Can My Spouse and I Use the Same Attorney for Our Divorce

Some divorces are uncontested, perhaps even amicable. In the interest of saving money, can a divorcing couple in Florida that agrees on all settlement agreement terms use one attorney to represent them both?

Conflict of Interest

For some very good reasons, the answer is no. A couple cannot share a divorce attorney in Florida. There would be an immediate conflict of interest for the attorney. The fact is, even if the couple is mostly in agreement regarding the situation, the husband and wife have different interests, and one attorney cannot serve them both. For example, an inheritance received by one spouse during the marriage would be legally deemed his or her sole property. However, if the couple agrees to split assets equally, one party will lose half of what is rightfully his or hers. Even in an amicable situation, their interests may conflict.

One attorney would be unable to represent both sides of the conflict. Florida law can be complex when it involves child custody, child support, and division of assets, which is why, if there are children or assets involved, it is highly recommended that each divorcing party is represented by his or her qualified legal representative.

In the State of Florida, a couple can get a divorce without an attorney. The necessary forms can be found online or can be requested from the Clerk of the Court. This is only recommended if the couple has no children or assets and debts to consider.

One Attorney to Represent One Party

These are, of course, legal forms to be filed, and these may be somewhat complicated. In the event the couple requires help filling in all information, one of them can hire an attorney to prepare or review all forms and then file them with the court. However, it must be with the clear understanding that said attorney represents only one of the parties – the one who hired him or her. The other spouse is representing himself or, in legal terms, acting pro se.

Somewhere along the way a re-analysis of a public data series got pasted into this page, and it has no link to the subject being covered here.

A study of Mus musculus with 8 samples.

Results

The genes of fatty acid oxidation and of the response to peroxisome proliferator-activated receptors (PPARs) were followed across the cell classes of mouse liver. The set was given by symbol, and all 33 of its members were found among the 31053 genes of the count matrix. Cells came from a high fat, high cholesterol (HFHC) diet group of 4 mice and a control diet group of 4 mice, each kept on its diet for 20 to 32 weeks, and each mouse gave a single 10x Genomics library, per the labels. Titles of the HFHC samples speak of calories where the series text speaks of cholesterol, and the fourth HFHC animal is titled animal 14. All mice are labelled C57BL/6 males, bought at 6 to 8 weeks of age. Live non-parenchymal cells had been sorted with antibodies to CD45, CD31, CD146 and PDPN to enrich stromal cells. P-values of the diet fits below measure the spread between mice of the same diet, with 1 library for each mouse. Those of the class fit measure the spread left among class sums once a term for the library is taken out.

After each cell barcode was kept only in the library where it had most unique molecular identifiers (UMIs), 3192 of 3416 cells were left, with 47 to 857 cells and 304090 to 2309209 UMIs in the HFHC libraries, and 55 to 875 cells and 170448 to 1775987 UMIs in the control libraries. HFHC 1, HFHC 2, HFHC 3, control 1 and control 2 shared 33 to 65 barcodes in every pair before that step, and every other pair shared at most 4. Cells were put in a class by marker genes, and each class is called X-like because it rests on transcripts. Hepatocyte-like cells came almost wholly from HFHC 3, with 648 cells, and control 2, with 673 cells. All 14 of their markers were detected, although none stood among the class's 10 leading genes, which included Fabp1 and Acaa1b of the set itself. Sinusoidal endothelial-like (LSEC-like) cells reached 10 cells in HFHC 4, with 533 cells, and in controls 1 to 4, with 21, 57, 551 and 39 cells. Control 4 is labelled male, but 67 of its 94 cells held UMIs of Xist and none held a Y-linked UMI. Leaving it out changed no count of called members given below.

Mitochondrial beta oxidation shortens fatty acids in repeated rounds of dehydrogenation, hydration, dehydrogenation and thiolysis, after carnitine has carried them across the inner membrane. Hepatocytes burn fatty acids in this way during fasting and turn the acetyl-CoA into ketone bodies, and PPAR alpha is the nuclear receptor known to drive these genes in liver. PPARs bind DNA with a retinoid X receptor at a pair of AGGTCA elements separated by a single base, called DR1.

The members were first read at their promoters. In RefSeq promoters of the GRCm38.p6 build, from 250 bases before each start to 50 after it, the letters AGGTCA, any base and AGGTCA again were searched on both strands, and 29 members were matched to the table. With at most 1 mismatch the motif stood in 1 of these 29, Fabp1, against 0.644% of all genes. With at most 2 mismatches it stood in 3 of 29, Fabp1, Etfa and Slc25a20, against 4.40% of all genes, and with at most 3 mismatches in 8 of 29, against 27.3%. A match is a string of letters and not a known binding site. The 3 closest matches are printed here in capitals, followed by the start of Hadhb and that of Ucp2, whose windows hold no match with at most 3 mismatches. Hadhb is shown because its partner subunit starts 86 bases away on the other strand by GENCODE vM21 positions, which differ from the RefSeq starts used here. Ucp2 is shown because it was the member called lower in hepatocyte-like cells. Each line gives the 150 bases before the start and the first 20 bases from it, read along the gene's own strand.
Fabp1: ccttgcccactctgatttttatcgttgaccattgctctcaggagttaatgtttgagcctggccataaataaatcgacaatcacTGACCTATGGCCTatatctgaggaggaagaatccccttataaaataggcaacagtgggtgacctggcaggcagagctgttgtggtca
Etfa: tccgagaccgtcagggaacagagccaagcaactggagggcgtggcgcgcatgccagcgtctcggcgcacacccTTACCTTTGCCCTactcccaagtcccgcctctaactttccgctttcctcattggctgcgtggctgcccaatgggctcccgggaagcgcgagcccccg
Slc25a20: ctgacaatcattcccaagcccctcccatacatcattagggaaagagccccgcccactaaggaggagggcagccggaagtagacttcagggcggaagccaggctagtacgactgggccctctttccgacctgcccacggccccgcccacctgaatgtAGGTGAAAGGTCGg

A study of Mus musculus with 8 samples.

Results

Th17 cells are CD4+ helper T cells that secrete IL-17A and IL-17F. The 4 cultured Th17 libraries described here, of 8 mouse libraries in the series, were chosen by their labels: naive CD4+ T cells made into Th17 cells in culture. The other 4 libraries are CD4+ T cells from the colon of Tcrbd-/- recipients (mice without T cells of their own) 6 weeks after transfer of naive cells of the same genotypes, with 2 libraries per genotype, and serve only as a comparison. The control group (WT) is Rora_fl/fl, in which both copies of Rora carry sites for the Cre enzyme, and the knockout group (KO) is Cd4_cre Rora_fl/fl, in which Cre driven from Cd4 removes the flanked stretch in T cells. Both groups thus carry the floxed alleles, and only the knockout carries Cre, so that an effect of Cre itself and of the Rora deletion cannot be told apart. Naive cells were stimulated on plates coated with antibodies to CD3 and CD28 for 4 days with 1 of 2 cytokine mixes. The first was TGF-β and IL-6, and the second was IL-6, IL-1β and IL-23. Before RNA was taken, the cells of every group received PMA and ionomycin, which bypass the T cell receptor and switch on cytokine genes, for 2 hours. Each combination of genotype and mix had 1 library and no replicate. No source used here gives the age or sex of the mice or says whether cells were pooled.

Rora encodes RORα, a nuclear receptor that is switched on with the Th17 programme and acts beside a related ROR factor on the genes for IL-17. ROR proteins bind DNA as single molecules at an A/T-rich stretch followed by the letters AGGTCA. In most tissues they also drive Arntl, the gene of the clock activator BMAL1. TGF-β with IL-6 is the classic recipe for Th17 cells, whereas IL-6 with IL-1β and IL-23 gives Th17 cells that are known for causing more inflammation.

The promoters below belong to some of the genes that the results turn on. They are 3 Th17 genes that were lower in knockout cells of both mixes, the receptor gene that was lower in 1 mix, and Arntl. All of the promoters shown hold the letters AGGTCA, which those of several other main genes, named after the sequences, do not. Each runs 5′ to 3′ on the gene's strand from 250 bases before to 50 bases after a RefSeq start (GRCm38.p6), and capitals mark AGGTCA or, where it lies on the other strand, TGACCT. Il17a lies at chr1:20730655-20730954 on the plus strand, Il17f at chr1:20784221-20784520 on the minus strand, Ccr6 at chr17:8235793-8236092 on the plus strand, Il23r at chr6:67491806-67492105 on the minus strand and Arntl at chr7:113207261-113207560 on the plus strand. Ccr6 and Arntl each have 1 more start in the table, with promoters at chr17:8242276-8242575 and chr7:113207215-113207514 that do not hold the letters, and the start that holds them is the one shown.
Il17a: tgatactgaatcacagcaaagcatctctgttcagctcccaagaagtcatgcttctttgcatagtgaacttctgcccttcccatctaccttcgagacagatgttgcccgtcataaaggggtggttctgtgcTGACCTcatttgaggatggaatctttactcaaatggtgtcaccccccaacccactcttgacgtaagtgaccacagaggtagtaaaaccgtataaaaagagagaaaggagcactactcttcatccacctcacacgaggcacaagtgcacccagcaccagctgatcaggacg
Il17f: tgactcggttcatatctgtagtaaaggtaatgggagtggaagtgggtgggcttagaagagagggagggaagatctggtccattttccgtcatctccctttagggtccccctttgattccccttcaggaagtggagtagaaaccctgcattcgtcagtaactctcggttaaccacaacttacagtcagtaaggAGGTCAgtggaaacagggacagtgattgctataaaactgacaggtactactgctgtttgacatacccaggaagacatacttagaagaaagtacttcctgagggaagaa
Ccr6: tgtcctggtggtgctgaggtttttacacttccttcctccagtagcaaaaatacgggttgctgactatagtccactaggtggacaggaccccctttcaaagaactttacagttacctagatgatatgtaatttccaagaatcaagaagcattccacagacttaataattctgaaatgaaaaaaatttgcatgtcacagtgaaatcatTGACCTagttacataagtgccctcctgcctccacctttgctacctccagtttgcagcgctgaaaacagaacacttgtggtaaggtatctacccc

There is no conflict of interest as long as the attorney only represents one spouse. The other spouse can always have the forms reviewed by his or her own legal representative.

It can be more cost-effective for both parties to hire their own attorneys for the sole purpose of helping with the necessary forms.

Conclusion

Saving money by sharing a divorce attorney may sound tempting. Ultimately, however, one risks losing money by being unaware of certain legal details. Hiring one’s own divorce attorney can ultimately be the less expensive unpleasant choice.

The legal process can get difficult, which is why we always recommend that you seek the assistance of counsel; or at least have a consultation. Schedule a consultation with one of our attorneys today to review the issues of your case, the legal options you may have, and certain rights that pertain to your unique situation.

Have more questions? Let us know by sending an email to: questions@legallotus.com and we will do our best to develop content to provide you with direction and insight!